Tuesday, February 22, 2011
Back when my friend Matthew Ettinger was wheeling and dealing Corvettes, a situation arose where a former employee who had taken a direct loan to purchase one of the 'Vettes had stopped making payments and showed no interest in paying off the balance. In fact, the fellow made a game of taunting Matthew playing games to underscore the fact that he had the car and Matthew did not.
One day, Matthew saw the fellow in the Corvette and a pursuit of sorts developed that, while maybe not exactly on a par with the car chase in Bullitt, involved high speeds on city streets and ended with Matthew on the side of the road in an incapacitated automobile. The fellow doubled back to gloat calling out, "I'm always one step ahead of you. It's like a game of chess!" That's when I got a call from Matthew.
After Matthew recounted the highlights of the situation, I asked for any details about the fellow that could prove helpful. Right off the bat, Matthew had a gem. "He's trying to collect on a car insurance claim and the insurer is stalling." That's all I needed to hear. The next day, I called the fellow telling him I was the adjuster on his claim and all I needed was his signature to authorize the settlement. We could do it by mail or he could meet me tomorrow if he wanted a faster disposition. He emphatically wanted to meet tomorrow. I gave him the address of an auto wrecking yard near the San Bernardino Freeway telling him I would be there at four o'clock tomorrow. I told him to be on time as I would not be hanging around and that he could find me in the yard, not the office.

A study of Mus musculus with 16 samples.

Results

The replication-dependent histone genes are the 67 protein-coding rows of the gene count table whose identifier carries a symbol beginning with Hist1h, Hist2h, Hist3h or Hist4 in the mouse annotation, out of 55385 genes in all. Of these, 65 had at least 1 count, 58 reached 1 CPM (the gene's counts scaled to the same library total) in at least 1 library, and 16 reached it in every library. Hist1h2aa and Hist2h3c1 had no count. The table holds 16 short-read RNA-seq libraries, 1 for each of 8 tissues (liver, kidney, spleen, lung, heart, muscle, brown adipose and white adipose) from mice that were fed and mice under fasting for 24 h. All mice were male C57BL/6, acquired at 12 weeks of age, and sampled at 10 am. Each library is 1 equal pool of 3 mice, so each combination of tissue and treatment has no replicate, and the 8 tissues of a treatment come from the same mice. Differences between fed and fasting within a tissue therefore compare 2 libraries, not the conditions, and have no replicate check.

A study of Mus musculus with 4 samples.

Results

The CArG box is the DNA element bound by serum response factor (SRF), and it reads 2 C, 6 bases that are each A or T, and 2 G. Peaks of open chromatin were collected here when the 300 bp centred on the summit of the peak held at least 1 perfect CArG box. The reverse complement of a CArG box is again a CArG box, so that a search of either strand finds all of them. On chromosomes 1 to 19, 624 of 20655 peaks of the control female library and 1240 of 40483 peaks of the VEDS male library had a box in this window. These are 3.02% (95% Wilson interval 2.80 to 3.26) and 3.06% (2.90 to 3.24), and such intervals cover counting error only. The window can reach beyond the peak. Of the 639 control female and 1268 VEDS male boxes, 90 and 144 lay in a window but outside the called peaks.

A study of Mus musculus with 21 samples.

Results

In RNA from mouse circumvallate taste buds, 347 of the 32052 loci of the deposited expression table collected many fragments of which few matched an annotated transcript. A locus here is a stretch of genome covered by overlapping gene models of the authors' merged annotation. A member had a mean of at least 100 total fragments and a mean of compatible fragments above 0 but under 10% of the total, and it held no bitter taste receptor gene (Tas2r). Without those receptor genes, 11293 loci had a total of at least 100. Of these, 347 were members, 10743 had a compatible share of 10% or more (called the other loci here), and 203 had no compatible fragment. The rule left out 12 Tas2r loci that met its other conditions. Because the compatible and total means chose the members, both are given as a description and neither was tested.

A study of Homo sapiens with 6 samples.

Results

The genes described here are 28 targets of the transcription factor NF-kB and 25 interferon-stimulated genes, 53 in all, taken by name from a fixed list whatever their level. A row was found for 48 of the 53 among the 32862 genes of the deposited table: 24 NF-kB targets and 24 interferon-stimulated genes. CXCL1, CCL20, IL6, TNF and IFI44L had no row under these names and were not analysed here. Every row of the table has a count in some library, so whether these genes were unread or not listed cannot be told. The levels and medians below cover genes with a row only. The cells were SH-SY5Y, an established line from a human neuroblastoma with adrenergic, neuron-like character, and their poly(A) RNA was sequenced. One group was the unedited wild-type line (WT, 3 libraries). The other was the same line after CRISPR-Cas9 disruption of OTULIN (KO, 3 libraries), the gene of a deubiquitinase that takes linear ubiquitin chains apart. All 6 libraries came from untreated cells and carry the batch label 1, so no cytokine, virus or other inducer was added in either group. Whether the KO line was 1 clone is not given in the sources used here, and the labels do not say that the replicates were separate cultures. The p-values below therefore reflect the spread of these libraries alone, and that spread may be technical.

I brought in a friend to play me--'the insurance adjuster'. His job was to wear a sport coat, carry a briefcase and walk the fellow to the farthest corner of the junk yard, look at a wreck and then walk him back to the front gate where, he would tell the fellow, the paperwork was ready for signature in his car. Another friend, Gary Wales (like Matthew, a former Breadvan owner), was brought in to play the role of 'some guy'. Gary was to sit on the steps of the wrecking yard office and, if the fellow went towards the office instead of the yard, say to him, "The guy you're looking for is over there." Matthew informed local law enforcement that we would be repossessing a car at the address should there be a report of auto theft.
Sure enough, at four o'clock the fellow shows up in the Corvette, parks on the street and makes his way towards the office. Gary tells him, "The guy you're looking for is over there." While my friend walks the fellow to the end of the property, a van driven by one of Matthew's associates pulls up to block the Corvette. Matthew exits from the rear of the van and gets into the Corvette using a spare set of keys and fires up the engine. The van pulls clear and off goes Matthew in triumphant possession of the 'Vette.
I pull my own car to the yard gate where my friend is returning with the fellow who is very anxious now to sign the document and get his money. My window is down and I call to my friend, "I have a message for you" whereupon he comes over to my car and gets into the passenger seat as prearranged. Then I call out to the fellow and say, "I have a message for you, too. Checkmate!" As we drove away, I could see the fellow jumping up and down in frustration like a cartoon character in the middle of the street.
It was a day well spent and I've often wondered if the fellow's insurance claim was ever settled to his satisfaction.